Democrat Chuck Hassebrook vows to change how Nebraska administers good time provisions in prison if elected governor.
Hassebrook has outlined a plan on prisons.
Hassebrook says, as governor, he would prevent prisoners who abuse the rules or attack guards from automatically receiving credit for good time served.
“One of the things that seems to be lost in much of the discussion about good time with the governor trying to blame the legislature is the simple fact that, right now, under the existing statutes the governor has the authority to implement regulations to take away every day of automatically granted good time from inmates who repeatedly break prison rules, who attack prison guards or other prisoners like Nikko Jenkins did,” Hassebrook tells Nebraska Radio Network.
Jenkins is accused of killing four Omaha residents after being released from prison early. The murders prompted considerable discussion about the state “good time” law. Under the law, inmates who enter prison are automatically granted credit for good time served, which in effect cuts their sentence in half.
Gov. Dave Heineman called on the Unicameral to end the practice of automatic good time credit. Legislators didn’t act on the proposal.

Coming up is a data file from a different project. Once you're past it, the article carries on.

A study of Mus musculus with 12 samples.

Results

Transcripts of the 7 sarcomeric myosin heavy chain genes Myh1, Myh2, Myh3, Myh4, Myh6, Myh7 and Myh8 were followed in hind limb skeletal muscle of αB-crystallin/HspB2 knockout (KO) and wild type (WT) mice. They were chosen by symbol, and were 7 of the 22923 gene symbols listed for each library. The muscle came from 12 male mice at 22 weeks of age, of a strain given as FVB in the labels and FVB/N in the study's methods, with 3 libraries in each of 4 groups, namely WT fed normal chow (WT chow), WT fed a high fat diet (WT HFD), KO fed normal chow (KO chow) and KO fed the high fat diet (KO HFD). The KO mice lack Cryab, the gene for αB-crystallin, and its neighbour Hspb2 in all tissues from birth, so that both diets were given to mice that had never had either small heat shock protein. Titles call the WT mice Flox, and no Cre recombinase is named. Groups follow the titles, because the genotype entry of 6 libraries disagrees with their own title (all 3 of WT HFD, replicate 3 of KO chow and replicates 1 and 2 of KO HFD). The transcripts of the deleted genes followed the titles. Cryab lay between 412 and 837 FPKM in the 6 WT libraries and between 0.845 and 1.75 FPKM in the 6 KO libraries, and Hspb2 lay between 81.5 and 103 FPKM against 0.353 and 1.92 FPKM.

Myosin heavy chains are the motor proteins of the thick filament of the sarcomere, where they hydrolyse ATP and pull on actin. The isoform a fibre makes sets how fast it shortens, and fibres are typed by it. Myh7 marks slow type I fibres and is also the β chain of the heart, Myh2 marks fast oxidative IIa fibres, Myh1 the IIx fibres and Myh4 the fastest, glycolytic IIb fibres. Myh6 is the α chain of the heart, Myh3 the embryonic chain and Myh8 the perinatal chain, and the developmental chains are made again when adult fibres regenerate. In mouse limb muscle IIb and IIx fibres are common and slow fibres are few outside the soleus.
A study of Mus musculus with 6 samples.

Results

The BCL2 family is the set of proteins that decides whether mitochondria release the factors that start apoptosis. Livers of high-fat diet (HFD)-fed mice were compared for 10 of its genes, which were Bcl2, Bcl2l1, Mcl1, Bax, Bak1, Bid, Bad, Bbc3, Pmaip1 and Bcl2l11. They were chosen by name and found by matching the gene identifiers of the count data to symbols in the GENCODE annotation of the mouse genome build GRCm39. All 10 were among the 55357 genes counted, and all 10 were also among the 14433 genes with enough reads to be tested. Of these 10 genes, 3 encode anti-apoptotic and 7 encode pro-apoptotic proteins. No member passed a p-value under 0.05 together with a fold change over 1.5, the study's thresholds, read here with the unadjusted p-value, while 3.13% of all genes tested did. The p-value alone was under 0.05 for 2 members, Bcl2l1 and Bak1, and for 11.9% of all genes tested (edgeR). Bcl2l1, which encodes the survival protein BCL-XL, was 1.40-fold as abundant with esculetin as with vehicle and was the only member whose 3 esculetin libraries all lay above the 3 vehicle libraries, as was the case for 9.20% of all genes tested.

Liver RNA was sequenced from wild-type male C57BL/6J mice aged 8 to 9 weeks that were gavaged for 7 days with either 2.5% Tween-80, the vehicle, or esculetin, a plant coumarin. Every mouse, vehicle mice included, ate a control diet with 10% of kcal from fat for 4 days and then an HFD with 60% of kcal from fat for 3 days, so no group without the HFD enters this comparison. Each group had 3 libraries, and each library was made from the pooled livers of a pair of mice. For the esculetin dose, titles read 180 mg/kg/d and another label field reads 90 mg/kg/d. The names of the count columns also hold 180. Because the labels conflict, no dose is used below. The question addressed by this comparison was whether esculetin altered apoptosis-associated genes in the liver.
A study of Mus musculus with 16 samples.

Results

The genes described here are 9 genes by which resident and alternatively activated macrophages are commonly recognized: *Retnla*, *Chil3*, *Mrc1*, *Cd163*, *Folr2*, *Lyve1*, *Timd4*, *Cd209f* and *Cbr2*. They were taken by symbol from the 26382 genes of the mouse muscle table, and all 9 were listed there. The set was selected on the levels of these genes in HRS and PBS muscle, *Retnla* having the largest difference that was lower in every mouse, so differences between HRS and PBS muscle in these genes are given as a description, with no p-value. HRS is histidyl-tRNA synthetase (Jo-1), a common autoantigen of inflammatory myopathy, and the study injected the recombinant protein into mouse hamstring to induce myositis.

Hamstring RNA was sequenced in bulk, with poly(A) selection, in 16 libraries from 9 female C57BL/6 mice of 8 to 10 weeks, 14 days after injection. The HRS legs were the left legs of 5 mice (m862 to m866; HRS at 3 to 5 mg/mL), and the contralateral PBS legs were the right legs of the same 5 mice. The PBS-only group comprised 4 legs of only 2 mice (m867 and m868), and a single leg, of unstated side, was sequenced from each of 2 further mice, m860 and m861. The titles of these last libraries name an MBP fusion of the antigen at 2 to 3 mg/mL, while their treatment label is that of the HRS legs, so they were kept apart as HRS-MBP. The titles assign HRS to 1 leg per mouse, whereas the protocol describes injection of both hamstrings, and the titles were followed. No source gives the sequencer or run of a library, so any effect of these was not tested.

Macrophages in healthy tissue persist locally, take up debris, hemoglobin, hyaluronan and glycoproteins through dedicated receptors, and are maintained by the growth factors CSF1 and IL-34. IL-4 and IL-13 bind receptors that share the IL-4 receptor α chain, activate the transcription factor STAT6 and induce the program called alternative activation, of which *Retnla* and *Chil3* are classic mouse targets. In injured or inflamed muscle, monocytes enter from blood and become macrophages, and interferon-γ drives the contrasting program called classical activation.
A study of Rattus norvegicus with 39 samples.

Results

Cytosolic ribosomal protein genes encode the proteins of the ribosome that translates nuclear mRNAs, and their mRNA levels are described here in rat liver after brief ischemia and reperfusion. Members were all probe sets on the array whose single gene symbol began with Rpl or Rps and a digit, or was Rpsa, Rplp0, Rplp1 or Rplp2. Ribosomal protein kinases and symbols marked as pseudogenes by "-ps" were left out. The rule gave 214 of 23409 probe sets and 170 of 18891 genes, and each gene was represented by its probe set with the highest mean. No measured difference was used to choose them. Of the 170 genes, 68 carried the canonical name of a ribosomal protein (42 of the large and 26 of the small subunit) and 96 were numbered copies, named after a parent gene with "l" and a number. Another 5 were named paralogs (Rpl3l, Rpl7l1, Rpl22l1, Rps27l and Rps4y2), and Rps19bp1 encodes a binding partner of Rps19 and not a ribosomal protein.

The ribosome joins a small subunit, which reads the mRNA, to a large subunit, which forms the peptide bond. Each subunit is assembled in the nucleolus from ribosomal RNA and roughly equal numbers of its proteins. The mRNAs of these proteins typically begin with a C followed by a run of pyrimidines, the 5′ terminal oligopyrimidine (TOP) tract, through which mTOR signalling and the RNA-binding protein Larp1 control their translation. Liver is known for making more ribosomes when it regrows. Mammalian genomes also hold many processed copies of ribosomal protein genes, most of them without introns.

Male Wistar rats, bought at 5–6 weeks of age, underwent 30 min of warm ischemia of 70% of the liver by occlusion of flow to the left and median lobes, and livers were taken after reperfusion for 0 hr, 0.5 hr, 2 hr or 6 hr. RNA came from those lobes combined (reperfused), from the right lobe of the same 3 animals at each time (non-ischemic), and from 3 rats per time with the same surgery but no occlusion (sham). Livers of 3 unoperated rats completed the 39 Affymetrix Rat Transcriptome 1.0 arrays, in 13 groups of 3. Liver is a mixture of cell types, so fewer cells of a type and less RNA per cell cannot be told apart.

Nebraska prisons now hold far more inmates than their designed capacity. At present, more than 5,000 inmates are incarcerated in Nebraska, nearly 160% of the state prison capacity. State legislators, worried about a potential lawsuit, and wishing to avoid building a new prison, created a 19-member Justice Reinvestment Working Group, with members from all three branches of state government to work with the Council of State Governments Justice Center to review alternatives to prison.
Hassebrook says he would review the findings of the working group, but says the state needs to invest more in diversion programs so it can spend less on incarceration.
“We have to make much greater use for non-violent criminals of things like drug courts, mental health courts for people who end up in prison because they have mental illness problems that aren’t violent, but they keep doing dumb things,” Hassebrook says. “We need to expand young adult courts and veteran courts for people who come back from war with problems and end up in prison.”
Hassebrook says he hasn’t calculated the cost of setting up such alternative programs, but believes they would save Nebraska money.
“We do know this, that there is an upfront cost, but that over the long term, they save a lot of money.”
Hassebrook also wants to see more money spent on education.
“Nebraska spends a lot of money on things like public assistance and prisons. They’re spending money dealing with the symptoms of kids getting off to a bad start in life, because they haven’t gotten what they need at home from parents and family,” according to Hassebrook. “I think we need to look at how we can invest our funds earlier to head off some of those problems.”
Hassebrook also advocates more job training programs to keep youth from getting involved in the activities that lead to crime.